Another sales tax-free weekend in Massachusetts is history.
The state’s consumers supposedly saved $21 million. Retailers got a big bounce — from $100 million in sales on a typically sleepy, humid, summer weekend to an estimated $500 million.
Yes, Gov. Deval Patrick and our conscientious, hard-working legislators have given us a break and the economy a boost. It’s a win, win, right? A big, fat, deal.
Actually, it’s big, fat nothing.
The sales tax holiday is nothing more than a gimmick. It doesn’t save hard-pressed consumers any more than it “deprives” the state of supposedly desperately needed revenue. It is a diversion from the reality that Massachusetts residents are overtaxed every day of the year. This just lowers that burden by an insignificant amount for two of those 365 days — a big, fat nothing.
As Robert Bradford, former head of the North Shore Chamber of Commerce has observed, the tax holiday might have qualified as an actual break from 2004 to 2008, when the sales tax was 5 percent.
But in 2009, the Legislature hiked it 25 percent — to 6.25 percent. If they really wanted to give us a break and help the economy, they would announce a sales tax holiday lasting three months — 25 percent of the year – as former Cape Ann Chamber of Commerce chief Bob Hastings has noted in the past. And even that would only get us back to where we were in 2008.
Giving people a tax holiday after gouging them with higher taxes is like taking a freezer full of steak from people and then giving them a “free” hamburger. It’s like giving a convict a two-day furlough and expecting him to forget that he’s living in a cell the rest of the year.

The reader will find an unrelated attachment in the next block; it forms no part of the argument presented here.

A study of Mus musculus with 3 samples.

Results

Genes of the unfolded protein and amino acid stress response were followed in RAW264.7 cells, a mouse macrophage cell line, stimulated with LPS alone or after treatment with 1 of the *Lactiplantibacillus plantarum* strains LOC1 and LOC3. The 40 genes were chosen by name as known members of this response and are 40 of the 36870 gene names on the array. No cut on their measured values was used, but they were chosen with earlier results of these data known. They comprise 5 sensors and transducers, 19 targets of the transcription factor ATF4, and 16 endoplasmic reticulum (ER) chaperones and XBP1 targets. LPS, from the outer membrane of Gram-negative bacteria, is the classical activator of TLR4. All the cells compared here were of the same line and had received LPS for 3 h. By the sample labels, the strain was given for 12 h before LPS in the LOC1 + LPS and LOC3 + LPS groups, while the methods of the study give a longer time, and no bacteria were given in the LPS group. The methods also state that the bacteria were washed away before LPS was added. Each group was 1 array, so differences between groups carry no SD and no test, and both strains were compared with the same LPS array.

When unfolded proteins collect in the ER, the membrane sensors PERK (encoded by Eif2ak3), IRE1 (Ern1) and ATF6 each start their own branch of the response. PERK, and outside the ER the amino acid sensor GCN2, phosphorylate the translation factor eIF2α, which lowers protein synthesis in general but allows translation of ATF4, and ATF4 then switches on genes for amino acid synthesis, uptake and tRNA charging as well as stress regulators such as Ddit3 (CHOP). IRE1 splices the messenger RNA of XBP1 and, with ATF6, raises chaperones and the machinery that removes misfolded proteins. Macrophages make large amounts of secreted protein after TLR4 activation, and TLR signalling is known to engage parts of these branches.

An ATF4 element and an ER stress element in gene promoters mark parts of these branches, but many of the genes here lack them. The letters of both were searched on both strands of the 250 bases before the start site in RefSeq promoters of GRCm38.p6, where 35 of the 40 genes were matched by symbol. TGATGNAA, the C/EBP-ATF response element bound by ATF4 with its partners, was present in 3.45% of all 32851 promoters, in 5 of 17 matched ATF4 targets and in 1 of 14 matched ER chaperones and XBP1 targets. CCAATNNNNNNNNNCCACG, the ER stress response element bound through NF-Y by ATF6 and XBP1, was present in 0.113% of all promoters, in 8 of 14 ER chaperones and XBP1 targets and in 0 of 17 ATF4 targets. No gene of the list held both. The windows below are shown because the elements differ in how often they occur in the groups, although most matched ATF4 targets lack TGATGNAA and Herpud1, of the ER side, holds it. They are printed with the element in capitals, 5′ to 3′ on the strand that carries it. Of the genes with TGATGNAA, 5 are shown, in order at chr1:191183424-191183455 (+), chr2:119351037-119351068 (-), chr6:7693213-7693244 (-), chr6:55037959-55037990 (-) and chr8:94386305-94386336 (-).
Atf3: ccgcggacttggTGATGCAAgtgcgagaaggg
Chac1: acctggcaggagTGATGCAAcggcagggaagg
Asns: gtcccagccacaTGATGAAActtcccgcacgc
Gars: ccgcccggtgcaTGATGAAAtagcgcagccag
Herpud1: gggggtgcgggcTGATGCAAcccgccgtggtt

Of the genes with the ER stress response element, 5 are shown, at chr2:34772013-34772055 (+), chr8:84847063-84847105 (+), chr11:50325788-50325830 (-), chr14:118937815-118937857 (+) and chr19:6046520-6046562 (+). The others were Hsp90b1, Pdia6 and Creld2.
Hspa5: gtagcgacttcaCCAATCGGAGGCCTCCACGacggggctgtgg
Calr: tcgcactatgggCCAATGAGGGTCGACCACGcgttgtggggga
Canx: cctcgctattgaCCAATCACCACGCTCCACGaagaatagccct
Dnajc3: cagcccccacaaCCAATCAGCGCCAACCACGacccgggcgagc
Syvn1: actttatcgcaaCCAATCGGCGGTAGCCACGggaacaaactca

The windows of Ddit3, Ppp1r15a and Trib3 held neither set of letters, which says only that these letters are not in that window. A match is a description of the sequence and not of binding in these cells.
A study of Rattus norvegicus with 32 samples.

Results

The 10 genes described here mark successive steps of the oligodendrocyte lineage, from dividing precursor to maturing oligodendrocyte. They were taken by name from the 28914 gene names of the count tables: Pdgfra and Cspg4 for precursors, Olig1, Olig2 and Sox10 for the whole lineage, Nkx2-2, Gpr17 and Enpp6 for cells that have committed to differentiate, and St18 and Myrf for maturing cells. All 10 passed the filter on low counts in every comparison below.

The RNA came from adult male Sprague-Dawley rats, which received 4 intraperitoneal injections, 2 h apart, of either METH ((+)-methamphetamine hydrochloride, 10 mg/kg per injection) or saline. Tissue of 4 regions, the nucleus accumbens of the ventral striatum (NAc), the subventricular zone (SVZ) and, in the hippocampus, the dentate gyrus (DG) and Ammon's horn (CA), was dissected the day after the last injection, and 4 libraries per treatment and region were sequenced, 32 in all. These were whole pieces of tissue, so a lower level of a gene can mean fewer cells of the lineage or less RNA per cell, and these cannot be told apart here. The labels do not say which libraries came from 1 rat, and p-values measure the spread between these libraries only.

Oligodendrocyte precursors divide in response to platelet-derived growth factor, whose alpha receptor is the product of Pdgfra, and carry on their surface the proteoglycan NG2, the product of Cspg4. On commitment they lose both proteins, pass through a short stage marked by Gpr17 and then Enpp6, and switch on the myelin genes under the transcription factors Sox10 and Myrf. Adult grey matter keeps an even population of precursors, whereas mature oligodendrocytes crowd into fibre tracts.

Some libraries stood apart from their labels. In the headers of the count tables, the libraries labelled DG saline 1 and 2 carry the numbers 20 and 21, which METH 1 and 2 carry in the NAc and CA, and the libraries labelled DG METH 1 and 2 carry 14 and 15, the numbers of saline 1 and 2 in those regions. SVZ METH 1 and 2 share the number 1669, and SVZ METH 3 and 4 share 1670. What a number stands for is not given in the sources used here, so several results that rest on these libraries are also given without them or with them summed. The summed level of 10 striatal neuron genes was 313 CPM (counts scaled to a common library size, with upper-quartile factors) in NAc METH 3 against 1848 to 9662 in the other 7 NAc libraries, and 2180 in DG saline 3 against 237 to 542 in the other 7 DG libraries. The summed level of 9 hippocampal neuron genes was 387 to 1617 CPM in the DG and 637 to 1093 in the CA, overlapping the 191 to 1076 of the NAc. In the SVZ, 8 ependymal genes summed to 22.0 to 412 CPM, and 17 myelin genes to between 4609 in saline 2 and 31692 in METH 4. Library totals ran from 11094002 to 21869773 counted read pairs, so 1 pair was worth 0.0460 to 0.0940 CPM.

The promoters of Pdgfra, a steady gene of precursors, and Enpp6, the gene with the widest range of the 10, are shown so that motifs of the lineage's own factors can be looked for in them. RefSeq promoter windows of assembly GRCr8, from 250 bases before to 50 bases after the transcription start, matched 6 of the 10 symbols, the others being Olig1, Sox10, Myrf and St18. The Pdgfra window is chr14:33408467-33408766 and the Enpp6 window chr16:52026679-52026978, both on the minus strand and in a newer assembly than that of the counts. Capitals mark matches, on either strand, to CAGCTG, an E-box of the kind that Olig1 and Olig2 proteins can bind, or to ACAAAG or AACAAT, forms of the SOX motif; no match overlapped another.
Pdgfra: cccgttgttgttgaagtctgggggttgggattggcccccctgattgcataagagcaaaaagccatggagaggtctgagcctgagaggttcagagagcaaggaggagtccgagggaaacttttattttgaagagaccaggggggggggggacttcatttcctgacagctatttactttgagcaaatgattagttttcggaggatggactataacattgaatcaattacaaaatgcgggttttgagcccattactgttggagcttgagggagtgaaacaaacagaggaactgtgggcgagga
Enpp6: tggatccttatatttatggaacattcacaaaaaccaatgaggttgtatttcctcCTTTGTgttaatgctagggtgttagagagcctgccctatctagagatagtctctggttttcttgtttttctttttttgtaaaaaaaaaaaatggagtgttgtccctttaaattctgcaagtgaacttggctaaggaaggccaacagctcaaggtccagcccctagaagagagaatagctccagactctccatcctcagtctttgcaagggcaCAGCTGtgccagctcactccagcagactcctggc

Even Gov. Patrick has called it a gimmick in the past, although in his case that’s all about him whining about how it will make it more difficult for government to be large enough to support the ever-expanding welfare state.
That $21 million amounts to less than one-100th of a percent of a state budget that is north of $30 billion. That’s not even a rounding error, much less a curb on the insatiable growth of out state government.
But the problems with it go beyond that. It gives New Hampshire Gov. John Lynch another chance to needle his neighbor to the south, and promote the fact that his state has a sales tax holiday not only every weekend of the year, but every day of the year.
It distorts economic activity, much the way the absurd “Cash for Clunkers” program did for the auto industry. It crammed six months or more of car purchases into a couple of months. In this case, people who would buy things over the next month or so, do it on the two-day “holiday.”
It is, like any government program, filled with exemptions. It’s only good for purchases up to $2,500. It doesn’t apply to motor vehicles, boats, meals, gas, and tobacco products. It doesn’t apply to corporations.
Yes, many of you may have bought a new computer or a TV, and might have saved 50 bucks or so this past weekend. But over the long haul, saving that $50 is a big, fat nothing.
The state desperately needs tax reform — real, permanent tax reform. And hopefully, it will include a scaling back of the 6.25 percent sales tax that socks consumers and hurts businesses 363 days a year.
This sales tax “holiday” gimmick lets the governor and legislators pretend that they care about taxpayers, and distracts them from that real reform need.
That, indeed, makes it even worse than nothing.
And the fact that we keep letting them get away with it is worst of all.